As Skinny Jeans Shrink to Baby Size, Parents Pay Up, Retailers Cheer, Everyone Else Worries What's Next
Children's clothing sales are up 5.3% year-to-date, over the same time last year, according to MasterCard Advisors' SpendingPulse, a unit of MasterCard Inc. that tracks sales by cash, check and credit card. Total apparel sales are up just 1.4%.
"People tend to put their kids first," says Mark Breitbard, executive vice president of GapKids and babyGap. "They'll pass on something for themselves to make sure their kids are still looked after." The company doesn't segment sales within its lines, but Mr. Breitbard says the kids' division "has maintained its brand health in a much more consistent manner" than the adult division.
One factor behind the company's skinny-jeans-for-kids strategy: The popularity of adult-styled kids' clothes after the debut of its kids and baby collaboration with Stella McCartney last November. It was originally intended as a one-time partnership, but the line was so popular that a second launched in March. Some of the pieces, such as a gray sweater dress, were miniature versions of Ms. McCartney's ready-to-wear line.
The mini-me mentality has trickled into Gap's other designs for kids and baby. On shelves now, shoppers will find motorcycle jackets and ankle boots. "People love trend take-downs," says Mr. Breitbard. "Fashion-right clothes are really adorable the smaller they get."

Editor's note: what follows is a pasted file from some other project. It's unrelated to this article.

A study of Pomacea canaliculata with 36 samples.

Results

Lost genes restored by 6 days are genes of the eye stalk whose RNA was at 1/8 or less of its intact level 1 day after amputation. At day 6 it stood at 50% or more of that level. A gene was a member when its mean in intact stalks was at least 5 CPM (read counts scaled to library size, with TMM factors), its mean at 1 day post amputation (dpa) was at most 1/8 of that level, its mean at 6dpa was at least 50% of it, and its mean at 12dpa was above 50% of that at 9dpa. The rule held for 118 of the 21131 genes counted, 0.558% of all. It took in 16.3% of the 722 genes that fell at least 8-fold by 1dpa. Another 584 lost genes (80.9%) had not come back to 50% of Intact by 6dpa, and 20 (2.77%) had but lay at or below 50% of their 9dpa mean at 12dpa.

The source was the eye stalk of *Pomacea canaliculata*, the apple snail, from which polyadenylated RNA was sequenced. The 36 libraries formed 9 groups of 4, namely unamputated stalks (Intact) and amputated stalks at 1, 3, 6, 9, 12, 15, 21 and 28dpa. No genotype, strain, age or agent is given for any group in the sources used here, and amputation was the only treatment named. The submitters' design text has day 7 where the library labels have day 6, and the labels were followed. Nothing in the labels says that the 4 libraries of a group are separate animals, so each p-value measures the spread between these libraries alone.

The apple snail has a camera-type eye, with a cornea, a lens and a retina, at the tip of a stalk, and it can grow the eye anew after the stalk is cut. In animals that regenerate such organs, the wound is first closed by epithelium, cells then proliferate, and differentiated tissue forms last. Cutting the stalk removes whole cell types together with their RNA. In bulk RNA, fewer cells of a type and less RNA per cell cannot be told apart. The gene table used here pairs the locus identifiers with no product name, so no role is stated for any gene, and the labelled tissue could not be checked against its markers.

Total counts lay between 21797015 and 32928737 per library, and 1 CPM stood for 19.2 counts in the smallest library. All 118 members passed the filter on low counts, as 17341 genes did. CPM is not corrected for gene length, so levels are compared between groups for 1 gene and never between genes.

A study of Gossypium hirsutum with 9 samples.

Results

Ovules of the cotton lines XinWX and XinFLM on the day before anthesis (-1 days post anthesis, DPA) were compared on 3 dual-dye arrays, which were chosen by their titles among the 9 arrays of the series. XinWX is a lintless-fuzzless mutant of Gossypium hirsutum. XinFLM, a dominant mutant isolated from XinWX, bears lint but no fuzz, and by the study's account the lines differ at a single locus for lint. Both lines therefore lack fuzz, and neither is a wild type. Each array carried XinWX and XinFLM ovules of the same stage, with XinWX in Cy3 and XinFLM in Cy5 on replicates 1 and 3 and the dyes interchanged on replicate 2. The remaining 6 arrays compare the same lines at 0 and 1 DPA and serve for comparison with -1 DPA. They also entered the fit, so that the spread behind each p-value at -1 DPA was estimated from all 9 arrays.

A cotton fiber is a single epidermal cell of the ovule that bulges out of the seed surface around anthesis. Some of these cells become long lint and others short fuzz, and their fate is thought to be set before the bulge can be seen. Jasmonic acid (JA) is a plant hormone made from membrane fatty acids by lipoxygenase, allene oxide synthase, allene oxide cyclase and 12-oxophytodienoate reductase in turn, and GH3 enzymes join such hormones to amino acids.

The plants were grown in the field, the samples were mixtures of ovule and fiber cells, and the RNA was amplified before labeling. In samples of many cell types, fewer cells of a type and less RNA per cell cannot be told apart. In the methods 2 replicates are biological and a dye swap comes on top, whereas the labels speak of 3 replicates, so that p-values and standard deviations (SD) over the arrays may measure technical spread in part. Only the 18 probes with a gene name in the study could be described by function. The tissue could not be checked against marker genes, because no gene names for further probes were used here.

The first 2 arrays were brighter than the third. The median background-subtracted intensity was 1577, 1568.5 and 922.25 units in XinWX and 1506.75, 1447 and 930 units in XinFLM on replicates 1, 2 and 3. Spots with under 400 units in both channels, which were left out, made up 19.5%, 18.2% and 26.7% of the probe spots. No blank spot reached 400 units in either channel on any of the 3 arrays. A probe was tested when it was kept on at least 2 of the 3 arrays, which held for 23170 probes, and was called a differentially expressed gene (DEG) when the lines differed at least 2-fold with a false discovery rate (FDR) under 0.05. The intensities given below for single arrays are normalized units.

Translating a trend for the wee set isn't as easy as shrinking a
pattern. Gap's new product piggybacks off its adult counterpart, 1969 denim. The overall goal was to make the kids' denim look more like the adult product. The similarities: Gap lined the inside of the waistband with blue oxford-shirt-type material, added a blue rivet near the right front pocket and the same detailing on the back pockets.
Christina Lane of Deland, Fla. zips daughter Ava into a pair of Gap skinny jeans, which retail for $34.50. Ava has four pairs of skinny jeans. Molly Dempsey for The Wall Street Journal
There are a few differences. For example, the "top block"—the top half of the pant covering the area from the waist to about the thighs—of the baby version needs to allow room for a diaper, so it takes up an astonishing half the pant. Other Gap jeans feature inseam snaps for easier diaper changing, but not the skinny styles.
Old Navy, a lower-priced division of Gap, also takes care when designing skinny sizes for little boys and girls, says Michelle DeMartini, senior vice president of Old Navy kids and baby design and merchandising. "We sent our teams out to playgrounds, not in a stalking way, but just to kind of watch the consumer," she says. For skinny jeans, "we talked for a long time about how much stretch, what should that feel like?" she says. "Adults might want to forgo comfort for fashion, but children will not."